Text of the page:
After endless trolling through career Web sites such as Monster.com and never connecting with a human, Charlene Helm snapped.
"Every day was a constant battle," said Helm, a May 2008 graduate of Appalachian State University. "I was so frustrated I just typed in 'I need a job.' "
And there at the top of the list was www.damnineedajob.com, a Web site designed by Larry Dinsmore of Lexington, which offers T-shirts with the Web site name on the front and your résumé printed on the back
The site didn't land Helm, 23, a job but helped all the same.
Sign Up and Save
Get six months of free digital access to the Lexington Herald-Leader
"It just kind of put some humor in the situation," said Helm, a marketing major who has found a part-time job at a non-profit in South Carolina since she discovered the site last year.
The site was born out of frustration, said Dinsmore. In 2005, he went 18 months without a job. He created the site thinking he might make a little money selling T-shirts and show off his technical skills since he was looking for a job in the computer field. As luck would have it, a local television station profiled the guy, someone home sick from work saw the piece and, yes, Dinsmore was called to come in. After the regular round of interviews, he got a job at the Kentucky League of Cities.
The site languished for a few years. But when the economy started to go south, he found himself touched by the people who found it. He said his traffic is up 30 percent to 40 percent from its previous peak, which followed an appearance last summer on CNN.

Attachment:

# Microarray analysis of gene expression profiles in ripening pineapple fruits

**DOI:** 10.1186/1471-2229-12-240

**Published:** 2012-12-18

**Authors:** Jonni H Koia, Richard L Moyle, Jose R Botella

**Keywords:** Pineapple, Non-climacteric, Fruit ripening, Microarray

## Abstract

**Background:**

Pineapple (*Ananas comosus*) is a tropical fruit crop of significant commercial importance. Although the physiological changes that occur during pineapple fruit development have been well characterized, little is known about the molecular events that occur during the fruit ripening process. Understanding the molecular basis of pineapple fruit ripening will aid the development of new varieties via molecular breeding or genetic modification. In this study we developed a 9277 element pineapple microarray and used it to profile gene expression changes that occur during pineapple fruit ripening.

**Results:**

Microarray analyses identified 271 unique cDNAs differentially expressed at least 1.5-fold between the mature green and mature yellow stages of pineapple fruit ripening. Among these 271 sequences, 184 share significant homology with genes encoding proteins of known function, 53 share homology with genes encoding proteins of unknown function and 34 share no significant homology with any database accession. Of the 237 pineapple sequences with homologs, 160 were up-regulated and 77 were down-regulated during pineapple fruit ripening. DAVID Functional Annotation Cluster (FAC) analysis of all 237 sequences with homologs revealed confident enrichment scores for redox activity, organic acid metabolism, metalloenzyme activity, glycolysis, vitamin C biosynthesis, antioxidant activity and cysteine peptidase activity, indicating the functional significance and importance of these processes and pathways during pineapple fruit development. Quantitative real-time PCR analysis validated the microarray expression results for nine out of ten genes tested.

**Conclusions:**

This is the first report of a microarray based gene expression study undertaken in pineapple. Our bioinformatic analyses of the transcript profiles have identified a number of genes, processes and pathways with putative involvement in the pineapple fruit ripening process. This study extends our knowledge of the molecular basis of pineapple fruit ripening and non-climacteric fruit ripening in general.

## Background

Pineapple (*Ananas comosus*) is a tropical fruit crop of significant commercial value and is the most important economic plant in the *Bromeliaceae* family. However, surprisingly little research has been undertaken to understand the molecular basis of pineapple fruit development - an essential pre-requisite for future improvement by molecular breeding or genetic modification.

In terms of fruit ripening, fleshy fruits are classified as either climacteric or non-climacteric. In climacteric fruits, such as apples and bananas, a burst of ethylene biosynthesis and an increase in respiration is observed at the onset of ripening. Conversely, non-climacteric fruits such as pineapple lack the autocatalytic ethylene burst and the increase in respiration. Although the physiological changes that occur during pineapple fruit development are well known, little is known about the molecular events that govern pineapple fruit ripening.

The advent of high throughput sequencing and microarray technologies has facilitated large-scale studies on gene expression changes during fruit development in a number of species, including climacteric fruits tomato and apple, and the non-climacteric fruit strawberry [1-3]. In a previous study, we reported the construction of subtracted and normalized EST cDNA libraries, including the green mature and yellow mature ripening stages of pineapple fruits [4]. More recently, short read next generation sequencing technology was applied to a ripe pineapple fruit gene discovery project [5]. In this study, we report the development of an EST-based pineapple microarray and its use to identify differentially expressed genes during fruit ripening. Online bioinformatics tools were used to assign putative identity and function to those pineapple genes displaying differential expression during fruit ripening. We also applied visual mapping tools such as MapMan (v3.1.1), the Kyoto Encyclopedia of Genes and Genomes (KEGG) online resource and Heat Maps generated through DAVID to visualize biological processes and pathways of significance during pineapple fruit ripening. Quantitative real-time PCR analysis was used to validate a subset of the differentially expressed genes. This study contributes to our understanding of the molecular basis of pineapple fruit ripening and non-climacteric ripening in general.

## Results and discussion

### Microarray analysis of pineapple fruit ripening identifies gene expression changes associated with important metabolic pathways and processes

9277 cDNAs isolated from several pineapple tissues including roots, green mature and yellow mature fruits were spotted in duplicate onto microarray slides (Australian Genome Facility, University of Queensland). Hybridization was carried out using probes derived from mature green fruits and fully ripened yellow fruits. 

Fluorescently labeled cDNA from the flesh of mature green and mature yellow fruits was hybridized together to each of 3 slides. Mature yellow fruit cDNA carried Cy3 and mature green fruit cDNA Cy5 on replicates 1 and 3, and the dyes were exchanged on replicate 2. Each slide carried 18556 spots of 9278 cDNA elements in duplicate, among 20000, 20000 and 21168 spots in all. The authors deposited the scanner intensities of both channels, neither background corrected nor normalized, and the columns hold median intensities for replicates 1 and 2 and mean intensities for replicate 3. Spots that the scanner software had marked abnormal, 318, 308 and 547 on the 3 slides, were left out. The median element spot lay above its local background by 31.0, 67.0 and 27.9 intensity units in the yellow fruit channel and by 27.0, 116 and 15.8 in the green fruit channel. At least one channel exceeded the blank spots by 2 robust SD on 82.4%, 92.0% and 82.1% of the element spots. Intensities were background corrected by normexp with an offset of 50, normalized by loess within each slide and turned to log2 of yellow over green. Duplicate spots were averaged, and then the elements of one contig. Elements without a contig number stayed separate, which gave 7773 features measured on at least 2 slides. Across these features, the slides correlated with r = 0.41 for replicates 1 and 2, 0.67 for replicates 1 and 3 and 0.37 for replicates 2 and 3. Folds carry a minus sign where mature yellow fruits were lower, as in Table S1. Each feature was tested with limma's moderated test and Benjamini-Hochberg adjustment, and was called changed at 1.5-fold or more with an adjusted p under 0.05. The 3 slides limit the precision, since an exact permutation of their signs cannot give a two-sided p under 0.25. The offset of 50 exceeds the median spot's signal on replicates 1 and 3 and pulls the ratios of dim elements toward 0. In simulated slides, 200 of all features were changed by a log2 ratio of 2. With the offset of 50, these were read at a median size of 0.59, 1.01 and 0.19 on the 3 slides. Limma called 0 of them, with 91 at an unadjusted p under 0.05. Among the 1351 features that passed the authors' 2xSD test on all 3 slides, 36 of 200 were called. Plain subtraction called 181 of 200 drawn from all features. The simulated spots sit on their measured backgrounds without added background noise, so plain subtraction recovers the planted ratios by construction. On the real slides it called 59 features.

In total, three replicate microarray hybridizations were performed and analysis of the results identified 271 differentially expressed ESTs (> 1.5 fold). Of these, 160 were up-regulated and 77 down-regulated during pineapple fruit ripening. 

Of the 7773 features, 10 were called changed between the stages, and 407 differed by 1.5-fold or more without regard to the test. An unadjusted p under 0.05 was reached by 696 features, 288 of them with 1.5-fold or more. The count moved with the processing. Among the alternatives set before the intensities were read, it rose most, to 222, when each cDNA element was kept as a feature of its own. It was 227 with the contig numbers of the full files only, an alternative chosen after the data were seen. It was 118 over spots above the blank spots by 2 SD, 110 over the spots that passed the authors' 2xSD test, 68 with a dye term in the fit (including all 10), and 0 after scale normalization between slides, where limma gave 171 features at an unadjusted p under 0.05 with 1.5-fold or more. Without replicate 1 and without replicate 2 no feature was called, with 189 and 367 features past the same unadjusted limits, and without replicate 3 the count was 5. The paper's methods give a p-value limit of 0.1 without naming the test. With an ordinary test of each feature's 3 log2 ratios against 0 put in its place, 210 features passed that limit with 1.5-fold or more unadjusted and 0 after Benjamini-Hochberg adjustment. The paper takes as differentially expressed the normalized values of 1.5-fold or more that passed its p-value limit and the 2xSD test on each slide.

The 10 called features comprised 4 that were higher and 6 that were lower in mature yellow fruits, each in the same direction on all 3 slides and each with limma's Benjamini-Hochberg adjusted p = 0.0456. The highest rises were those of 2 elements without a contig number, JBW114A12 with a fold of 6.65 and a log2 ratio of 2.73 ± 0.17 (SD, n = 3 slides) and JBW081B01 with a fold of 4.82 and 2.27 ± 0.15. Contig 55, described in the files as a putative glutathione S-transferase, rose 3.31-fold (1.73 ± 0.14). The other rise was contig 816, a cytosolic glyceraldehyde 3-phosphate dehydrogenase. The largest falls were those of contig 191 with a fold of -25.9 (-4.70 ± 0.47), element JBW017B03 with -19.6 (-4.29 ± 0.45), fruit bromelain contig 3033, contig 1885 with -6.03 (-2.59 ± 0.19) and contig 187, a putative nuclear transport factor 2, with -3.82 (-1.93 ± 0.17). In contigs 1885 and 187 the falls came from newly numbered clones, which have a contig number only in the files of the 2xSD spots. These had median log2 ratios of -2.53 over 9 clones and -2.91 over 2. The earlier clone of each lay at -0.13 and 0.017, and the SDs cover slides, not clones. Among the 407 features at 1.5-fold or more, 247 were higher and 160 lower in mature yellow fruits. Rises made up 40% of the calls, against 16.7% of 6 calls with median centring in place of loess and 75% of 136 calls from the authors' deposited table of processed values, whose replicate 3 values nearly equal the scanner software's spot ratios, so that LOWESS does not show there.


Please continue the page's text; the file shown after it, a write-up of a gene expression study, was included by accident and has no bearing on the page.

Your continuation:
Many people come to the site in the same way Helm did. They type "I need a job" into a search field.
"To me," said Dinsmore, "that's kind of an act of desperation."
The site that he kept as a lark has become somewhat of a mission because of the e-mails he gets from people laying out their plight or asking for advice.
"I do see the impact that the economy is having on real people," he said. He lets people know he's not a professional career counselor but tries to be sympathetic and constructive in his e-mails.
"It sounds kind of cheesy," he said, "but if it provides somebody with a moment of escape in a dismal time" the site is worth his effort to keep it current.
The message of the site is fairly straightforward: Don't give up. Do whatever you can to get noticed. He even recommends buying or producing a résumé shirt and calling up the local news to follow you in your quest for employment. (Hey, it worked for him.) He's seen television reports of people who've done just that. One woman from California was almost directly quoting Dinsmore's words from damnineedajob.com.
That out-of-the-box strategy might work for some, said Michael Cronk, assistant director of the career development center at Transylvania University. "If you are a gambler," he said, "something like that might just work."
But, he said, the most important thing for job candidates to do is network. "That is the best way to get noticed by employers."
And think carefully about the jobs. Go for quality over quantity, he said. Research the job and the company and make sure your résumé reflects how you can fill the need.
Dinsmore said he'll keep up the site and keep responding to the e-mails he receives.
"I don't have a magic wand or anything," he said. But there are some links to job sites, a forum to share a story and game arcade for a little distraction. And, as its Note from Larry says, "If this site just made you laugh then so be it."